Ottawa athlete dreams of Paralympic glory in wheelchair fencing

By CityNews Ottawa

As a young athlete, Trinity Lowthian looked like she was on the path to fulfill her dreams of competing at the Olympics.

Competitive in biathlon, triathlon, cross-country and water polo, the Ottawa multi-sport athlete showed tremendous promise, getting herself on to podiums at major provincial competitions.

But, Lowthian, now 20, was thrown a curveball in 2018.

“When I was in grade 10 amd grade 11 I started getting really sick and I wasn't really able to eat or keep anything I was eating down,” said Lowthian on The Sam Laprade Show. “I spent many months at CHEO because I was so malnourished and ended up getting fed intravenously.”

For years, Lowthian's condition was a mystery. Flying around the continent to endless appointments with specialists, she was finally diagnosed with a rare autoimmune disease..

A weakened immune system opened the door to other illnesses and Lowthian also developed a case of meningitis which has impacted her mobility.

For the consummate athlete, her condition wasn't a set back, just another challenge to overcome on her road to the Olympics. 

While attending the University of Ottawa in 2022, she tried fencing, but her condition kept her from competing with the other able-bodied fencers. Not to be held back, she contacted The Ottawa Fencing Club to train as a para-athlete in wheelchair fencing.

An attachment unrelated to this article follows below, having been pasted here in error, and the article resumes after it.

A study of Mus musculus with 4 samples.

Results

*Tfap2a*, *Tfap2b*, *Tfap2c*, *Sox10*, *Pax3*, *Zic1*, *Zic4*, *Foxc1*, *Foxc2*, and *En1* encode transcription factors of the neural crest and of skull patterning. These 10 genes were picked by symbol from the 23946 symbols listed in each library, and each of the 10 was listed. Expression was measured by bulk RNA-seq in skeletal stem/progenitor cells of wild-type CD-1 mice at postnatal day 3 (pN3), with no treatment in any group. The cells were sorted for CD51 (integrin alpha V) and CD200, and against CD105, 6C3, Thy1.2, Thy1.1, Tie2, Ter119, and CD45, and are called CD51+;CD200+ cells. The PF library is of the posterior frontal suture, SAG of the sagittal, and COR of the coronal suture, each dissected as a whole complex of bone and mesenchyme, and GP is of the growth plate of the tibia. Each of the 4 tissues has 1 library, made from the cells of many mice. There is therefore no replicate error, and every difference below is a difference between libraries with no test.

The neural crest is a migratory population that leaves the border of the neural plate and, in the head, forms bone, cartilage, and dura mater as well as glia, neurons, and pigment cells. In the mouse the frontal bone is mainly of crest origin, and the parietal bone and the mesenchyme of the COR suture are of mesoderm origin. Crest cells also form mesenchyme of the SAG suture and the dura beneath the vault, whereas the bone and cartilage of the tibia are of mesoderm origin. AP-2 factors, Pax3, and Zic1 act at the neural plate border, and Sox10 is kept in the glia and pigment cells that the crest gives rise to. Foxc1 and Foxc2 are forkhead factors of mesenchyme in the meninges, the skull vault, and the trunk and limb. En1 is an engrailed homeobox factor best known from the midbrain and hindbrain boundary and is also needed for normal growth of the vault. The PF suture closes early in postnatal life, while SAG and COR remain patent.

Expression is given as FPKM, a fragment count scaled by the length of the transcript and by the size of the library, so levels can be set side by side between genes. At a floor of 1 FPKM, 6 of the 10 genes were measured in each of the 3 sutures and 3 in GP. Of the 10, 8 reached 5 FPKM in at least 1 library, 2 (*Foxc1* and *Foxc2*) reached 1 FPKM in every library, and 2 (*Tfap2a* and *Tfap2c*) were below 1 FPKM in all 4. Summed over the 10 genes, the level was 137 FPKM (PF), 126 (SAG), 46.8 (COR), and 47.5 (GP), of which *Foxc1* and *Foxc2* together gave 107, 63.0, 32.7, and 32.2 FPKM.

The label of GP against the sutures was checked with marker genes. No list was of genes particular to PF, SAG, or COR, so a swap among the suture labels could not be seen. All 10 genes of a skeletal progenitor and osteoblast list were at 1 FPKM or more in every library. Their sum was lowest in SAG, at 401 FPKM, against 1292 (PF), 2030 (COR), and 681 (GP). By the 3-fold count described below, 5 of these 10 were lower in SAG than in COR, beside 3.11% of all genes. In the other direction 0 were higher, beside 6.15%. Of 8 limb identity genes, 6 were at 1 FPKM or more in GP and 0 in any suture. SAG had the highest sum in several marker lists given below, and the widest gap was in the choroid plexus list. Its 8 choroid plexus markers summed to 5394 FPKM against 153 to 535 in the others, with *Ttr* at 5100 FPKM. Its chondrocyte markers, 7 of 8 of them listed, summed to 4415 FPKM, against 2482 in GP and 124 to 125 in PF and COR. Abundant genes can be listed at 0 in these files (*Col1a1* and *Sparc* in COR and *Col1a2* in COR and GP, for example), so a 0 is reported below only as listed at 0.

She quickly showed promise, and in November 2022 Lowthian competed in her first para-fencing competition in Brazil, taking home four medals and obtaining a Senior World Ranking in the top 20, the youngest athlete in the group.

She had found her niche, and her dreams of getting to the 2024 Olympics in Paris felt like they were within a slash of her épée. 

Unfortunately, para-fencing is underfunded in Canada, according to Lowthian, and competitions often take place overseas, driving up the costs of training.

“It's the sad reality for disabled and para-athletes here in Canada. Some more popular sports have more but for wheelchair fencing, we're really left with nothing,” said Lowthian. “For me to qualify for Paris, I need to go to a lot more competitions to end up qualifying. And that is very expensive.”

Without financial support from the Canadian Fencing Federation, Lowthian has turned to a GoFundMe campaign to gather the resources she needs to compete over the next year. This includes travel, competition entry fees, specialized equipment and maintenance.

“Because there are so few of us competing here in Canada, I'm the only one in my category and classification. I don't have anyone in Canada to train with,” said Lowthian. “So funds will go towards training camps just so that I can train with athletes that I compete against.”

Lowthian's GoFundMe has raised over $15,000 since it came online in early December, 2022, with a final goal of $50,000.

As the donations and support keep rolling in, Lowthian will keep swinging at her goal of Olympic glory.

And with all she's overcome to date, she will undoubtedly take her best stab at it.

Listen to the entire interview with Trinity Lowthian on The Sam Laprade Show below.